Explained: What Is Rat-Hole Mining — Vital Technique Used In Uttarkashi Tunnel Rescue Operation


After relentless efforts to rescue 41 workers trapped inside the collapsed Silkyara tunnel in Uttarakhand, a team of “rat-hole miners” has taken on the task of drilling through the debris.

The collapsed portion of the under-construction tunnel on the Char Dham route presented a challenging situation for the rescuers.

Shift In Rescue Strategy

After more than two weeks of a multi-agency rescue mission, officials have shifted their focus to alternatives.

The first option involves manual drilling through the remaining stretch of rubble, while the second, more likely option, is drilling down 86 metres from above.

The horizontal drilling using a large auger machine faced obstacles when the machine got stuck in the rubble, leading to the consideration of the alternative drilling approach from above.

A group of twelve rat-hole mining experts has been mobilised for manual drilling and excavation. Their focus is on the last 10- or 12-metre stretch of debris separating the rescuers from the trapped workers.

The Uttarakhand government’s nodal officer, Neeraj Khairwal, clarified that the individuals brought to the site were experts in the rat-hole mining technique, emphasising the importance of their skills in this critical situation, reports Indian Express.

Rajput Rai, a rat-hole drilling expert, explained that teams would be divided for specific tasks, including drilling, collecting rubble, and transporting it out using a trolley.

The rat-hole method, a technique involving narrow burrows or tunnels, is seen as a beacon of hope as the rescuers are just 5 metres away from reaching the trapped individuals after 17 days.

What Is Rat-Hole Mining?

Rat-hole mining, a prevalent coal extraction method in Meghalaya, involves the retrieval of coal from narrow, horizontal seams.

The term “rat hole” signifies the small pits dug into the ground, typically sized just enough for a single person to descend and extract coal.

After the pits are excavated, miners descend using ropes or bamboo ladders to access the coal seams.

The extraction process relies on manual labour and primitive tools such as pickaxes, shovels, and baskets.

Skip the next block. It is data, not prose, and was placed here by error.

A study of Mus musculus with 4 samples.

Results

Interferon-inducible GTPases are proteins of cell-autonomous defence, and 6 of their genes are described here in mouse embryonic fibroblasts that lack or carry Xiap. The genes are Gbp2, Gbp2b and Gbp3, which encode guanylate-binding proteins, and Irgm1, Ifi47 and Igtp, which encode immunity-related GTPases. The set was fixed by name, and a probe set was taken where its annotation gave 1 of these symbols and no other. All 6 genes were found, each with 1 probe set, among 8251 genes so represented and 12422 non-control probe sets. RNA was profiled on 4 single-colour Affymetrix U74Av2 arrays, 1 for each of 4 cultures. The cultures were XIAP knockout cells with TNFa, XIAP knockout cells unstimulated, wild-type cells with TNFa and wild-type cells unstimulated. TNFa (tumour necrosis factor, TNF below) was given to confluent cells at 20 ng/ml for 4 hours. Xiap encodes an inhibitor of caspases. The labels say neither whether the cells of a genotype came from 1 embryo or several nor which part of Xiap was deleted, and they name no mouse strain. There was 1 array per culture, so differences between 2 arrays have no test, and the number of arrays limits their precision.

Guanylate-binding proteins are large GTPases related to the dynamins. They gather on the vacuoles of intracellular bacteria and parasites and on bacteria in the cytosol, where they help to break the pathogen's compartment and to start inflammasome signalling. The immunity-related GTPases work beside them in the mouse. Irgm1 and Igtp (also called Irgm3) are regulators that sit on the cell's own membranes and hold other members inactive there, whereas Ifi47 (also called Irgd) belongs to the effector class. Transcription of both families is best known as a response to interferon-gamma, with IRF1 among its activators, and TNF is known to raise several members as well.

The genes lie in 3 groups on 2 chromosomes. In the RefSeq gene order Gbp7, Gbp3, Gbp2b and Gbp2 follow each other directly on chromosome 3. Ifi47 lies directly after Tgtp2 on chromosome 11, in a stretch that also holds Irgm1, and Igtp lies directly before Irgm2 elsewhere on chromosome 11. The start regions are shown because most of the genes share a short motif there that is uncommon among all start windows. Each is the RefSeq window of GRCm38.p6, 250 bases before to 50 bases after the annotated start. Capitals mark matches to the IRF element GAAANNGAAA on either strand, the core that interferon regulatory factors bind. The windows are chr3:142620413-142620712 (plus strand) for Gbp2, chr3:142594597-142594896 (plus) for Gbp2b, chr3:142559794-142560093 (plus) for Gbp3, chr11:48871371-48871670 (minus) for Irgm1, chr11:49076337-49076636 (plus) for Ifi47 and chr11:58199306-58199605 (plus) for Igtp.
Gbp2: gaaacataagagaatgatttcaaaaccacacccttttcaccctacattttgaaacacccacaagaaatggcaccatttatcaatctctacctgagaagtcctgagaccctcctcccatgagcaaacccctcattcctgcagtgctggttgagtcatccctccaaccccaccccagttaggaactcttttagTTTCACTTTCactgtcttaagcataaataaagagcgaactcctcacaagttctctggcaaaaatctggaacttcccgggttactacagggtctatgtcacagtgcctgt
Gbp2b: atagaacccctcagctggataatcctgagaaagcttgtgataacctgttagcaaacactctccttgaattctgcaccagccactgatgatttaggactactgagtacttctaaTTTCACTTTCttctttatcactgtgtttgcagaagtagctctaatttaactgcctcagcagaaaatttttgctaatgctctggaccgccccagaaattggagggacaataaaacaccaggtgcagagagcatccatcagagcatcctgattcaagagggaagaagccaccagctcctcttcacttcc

The rat-hole mining encompasses two primary types.

In the side-cutting procedure, narrow tunnels are dug on the hill slopes, and workers venture inside until they locate the thin coal seam, which is often less than 2 metres in most cases in the hills of Meghalaya.

The alternative method, known as box-cutting, involves creating a rectangular opening ranging from 10 to 100 square metres. Through this opening, a vertical pit is excavated, reaching depths of 100 to 400 feet.

Once the coal seam is identified, rat-hole-sized tunnels are horizontally dug to facilitate coal extraction by workers.

Given the thin coal seam in Meghalaya, alternative methods are deemed economically impractical. The prospect of extracting rocks from the rugged terrain and installing support pillars inside the mines to avert collapses presents a substantially higher cost.

Consequently, the locally developed technique of rat-hole mining has become the most prevalent and economically viable approach in Meghalaya.

Why Is It banned?

Rat-hole mining lacks regulation, and safety measures, and raises environmental concerns. The miners, often working in dangerous conditions without proper safety provisions, use tools like pickaxes, shovels, and baskets.

Rat-hole mining has been associated with tragic incidents, including the death of 15 miners trapped in a flooded coal mine in Meghalaya in 2019.

The practice has faced criticism for dangerous working conditions, accidents, and environmental damage.

The impact of rat-hole mining is acutely felt in the water sources of numerous rivers, particularly in the Jaintia Hills district. Alarming reports indicate a shift towards acidity in these water bodies.

The environmental toll extends beyond water contamination to include significant pollution from the roadside dumping of coal.

While the National Green Tribunal banned rat-hole mining in 2014, the Supreme Court overturned the ban in 2019, allowing scientific mining methods in Meghalaya.